Culture & Society

Poem: The Male Gaze 

Social worker Radhika Pradhan writes a poem on male gaze

Representative image
when I step out of my house
in a blue mini-skirt.
Your gaze travels down, 
from my face to the free space 
that separates my skirt from my thigh. 
You try to look inside.
I never invited you to look 
but still you do.
Without my consent,
as though the only reason I stepped out in that skirt 
was for you. 
Little did you know, 
my friend had died that day.

The day she gifted this skirt to me, 
we painted tiny apples on the back.
When I found the skirt in the back of my almirah this morning, 
the smell of the paint took me back to that day.
Her eyes glistening with a wide smile
haunted me all day. 
So, I put on that skirt
to keep her close,
and went out to our favorite spot in the park
where we would lie down and listen to punk rock. 
But the minute I left my house,
with all my grief on my shoulders, 
your gaze followed me, 
to make me uncomfortable. 
For those five minutes, 
I forgot my friend, 
pulled the skirt down a little, 
and dialed my mum on the phone. 
I clutched the pepper spray in my bag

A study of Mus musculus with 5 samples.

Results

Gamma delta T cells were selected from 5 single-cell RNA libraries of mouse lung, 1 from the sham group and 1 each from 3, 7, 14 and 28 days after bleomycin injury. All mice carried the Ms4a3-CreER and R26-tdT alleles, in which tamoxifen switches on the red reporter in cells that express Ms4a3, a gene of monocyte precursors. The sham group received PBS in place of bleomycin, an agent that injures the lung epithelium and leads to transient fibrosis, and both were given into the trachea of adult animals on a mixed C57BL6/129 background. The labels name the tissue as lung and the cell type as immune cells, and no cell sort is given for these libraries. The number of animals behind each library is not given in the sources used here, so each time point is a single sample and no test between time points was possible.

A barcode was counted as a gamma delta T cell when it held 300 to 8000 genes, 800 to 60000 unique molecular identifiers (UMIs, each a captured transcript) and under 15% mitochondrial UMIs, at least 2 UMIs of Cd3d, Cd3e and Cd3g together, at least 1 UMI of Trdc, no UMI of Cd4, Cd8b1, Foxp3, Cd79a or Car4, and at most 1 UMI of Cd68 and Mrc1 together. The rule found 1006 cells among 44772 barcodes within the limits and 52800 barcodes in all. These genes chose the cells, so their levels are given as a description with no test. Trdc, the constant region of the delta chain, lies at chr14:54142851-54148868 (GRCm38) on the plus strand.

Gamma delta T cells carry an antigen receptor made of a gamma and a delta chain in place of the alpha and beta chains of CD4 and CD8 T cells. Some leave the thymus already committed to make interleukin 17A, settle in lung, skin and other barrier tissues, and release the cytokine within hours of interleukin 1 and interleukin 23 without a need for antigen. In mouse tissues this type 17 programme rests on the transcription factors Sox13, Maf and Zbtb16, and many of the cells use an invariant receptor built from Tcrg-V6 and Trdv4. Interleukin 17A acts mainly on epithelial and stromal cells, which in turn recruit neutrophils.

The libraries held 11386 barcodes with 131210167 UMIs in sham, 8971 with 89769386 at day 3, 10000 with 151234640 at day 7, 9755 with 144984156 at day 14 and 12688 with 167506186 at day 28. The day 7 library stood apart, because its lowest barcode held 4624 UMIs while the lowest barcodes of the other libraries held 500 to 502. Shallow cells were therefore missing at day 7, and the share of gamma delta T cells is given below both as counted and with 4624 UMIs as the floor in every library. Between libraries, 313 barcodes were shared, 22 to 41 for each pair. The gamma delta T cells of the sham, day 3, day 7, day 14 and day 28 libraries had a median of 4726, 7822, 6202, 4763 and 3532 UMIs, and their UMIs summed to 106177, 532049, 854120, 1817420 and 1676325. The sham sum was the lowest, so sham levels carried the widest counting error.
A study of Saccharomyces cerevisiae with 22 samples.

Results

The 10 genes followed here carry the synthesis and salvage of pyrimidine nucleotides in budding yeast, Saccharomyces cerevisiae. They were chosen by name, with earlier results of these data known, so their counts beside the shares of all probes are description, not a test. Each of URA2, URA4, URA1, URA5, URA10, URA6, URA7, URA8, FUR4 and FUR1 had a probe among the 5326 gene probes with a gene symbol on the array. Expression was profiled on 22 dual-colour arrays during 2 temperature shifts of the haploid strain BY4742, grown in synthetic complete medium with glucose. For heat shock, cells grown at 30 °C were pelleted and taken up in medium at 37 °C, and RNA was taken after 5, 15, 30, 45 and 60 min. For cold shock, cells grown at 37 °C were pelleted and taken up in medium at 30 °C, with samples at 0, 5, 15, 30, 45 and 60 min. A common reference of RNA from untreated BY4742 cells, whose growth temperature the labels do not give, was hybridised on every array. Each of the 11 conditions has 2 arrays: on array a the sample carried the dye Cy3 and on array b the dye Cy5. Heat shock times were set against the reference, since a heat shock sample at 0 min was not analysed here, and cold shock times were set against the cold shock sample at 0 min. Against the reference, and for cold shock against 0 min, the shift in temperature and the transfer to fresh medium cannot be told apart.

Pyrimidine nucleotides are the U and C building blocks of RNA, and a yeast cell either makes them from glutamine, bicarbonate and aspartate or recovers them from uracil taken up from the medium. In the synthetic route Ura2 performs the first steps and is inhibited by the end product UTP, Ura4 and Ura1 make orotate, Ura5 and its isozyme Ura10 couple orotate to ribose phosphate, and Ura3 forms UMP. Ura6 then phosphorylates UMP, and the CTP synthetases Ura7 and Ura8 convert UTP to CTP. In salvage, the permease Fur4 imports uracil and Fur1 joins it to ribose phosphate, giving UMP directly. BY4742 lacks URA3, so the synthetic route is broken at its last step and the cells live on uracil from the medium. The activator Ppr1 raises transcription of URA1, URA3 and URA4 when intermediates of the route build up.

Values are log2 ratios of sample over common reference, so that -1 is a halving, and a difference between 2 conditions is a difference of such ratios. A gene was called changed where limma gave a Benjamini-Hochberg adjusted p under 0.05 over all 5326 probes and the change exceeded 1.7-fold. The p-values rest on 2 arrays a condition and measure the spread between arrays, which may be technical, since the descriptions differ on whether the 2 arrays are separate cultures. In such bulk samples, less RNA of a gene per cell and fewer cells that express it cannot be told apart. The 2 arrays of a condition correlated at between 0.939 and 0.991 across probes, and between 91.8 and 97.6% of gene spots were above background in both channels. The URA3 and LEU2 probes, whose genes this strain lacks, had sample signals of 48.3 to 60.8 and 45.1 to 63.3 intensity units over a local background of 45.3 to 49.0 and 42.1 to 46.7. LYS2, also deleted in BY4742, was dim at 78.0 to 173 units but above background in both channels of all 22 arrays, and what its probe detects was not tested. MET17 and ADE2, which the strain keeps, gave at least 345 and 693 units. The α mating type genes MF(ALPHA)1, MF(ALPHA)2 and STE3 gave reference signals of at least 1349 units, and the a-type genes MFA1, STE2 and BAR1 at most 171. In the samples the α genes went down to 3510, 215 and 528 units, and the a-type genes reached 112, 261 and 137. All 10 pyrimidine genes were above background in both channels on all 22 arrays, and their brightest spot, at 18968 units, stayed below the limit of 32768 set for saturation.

and held onto the bag for my dear life. 
My heart raced till I reached the park, 
turned and checked all around.
That day I couldn’t even grieve freely,
for the mere fear of you 
hiding behind the trees sneakily. 

I hate the way you look at me 
when I step out of my house in a black and red saree.
Your gaze follows the protruding traces of my bra through my blouse,
and stoop down to try to look behind my pallu.
My ten-year-old son asks me,
‘Mumma, why is that man looking at you?’
‘He is a bad man,’ I reply,
but still didn’t glare you in the eye. 
I averted my eyes as you peer through my pallu 
and trace the curve of my waist. 
You followed me to the sabzi mandi that day, 
and I phoned my husband 
to pick us up on his way. 

I hate the way you look at me
when I step out of my house in my little bicycle shorts. 
I wear a top with little butterflies on it.
It covers everything. 
Either way, I don’t have much curves to show for myself 
for you see, I am just a girl of eight. 
But still, 
your eyes never fail to follow me
each time I get on my bike and ride 
from my house to the end of the street, and back.
You stand in the same spot and stare,
and I don’t understand what you do there. 
Are you planning on kidnapping me, or worse?
What could you even do to an eight-year-old?
Perhaps I asked this question too early,
understand, I didn’t even want to challenge you nearly.
Yesterday, when my father turned on the news channel, 
I saw what a man had done to an eight-year-old. 
The mere information sent chills down my spine, 
I ran to my room and cried. 
I stopped taking my bike out alone. 
I always paired up with friends who bullied me in school.
For being around them was still better, 
than being a tragic prey to the likes of you. 

(Radhika Pradhan is an aspiring development worker on gender-based violence. Currently, she is a social worker who works from the urban slums of Patna. Her work is inspired by the socio-cultural reality of women in India.)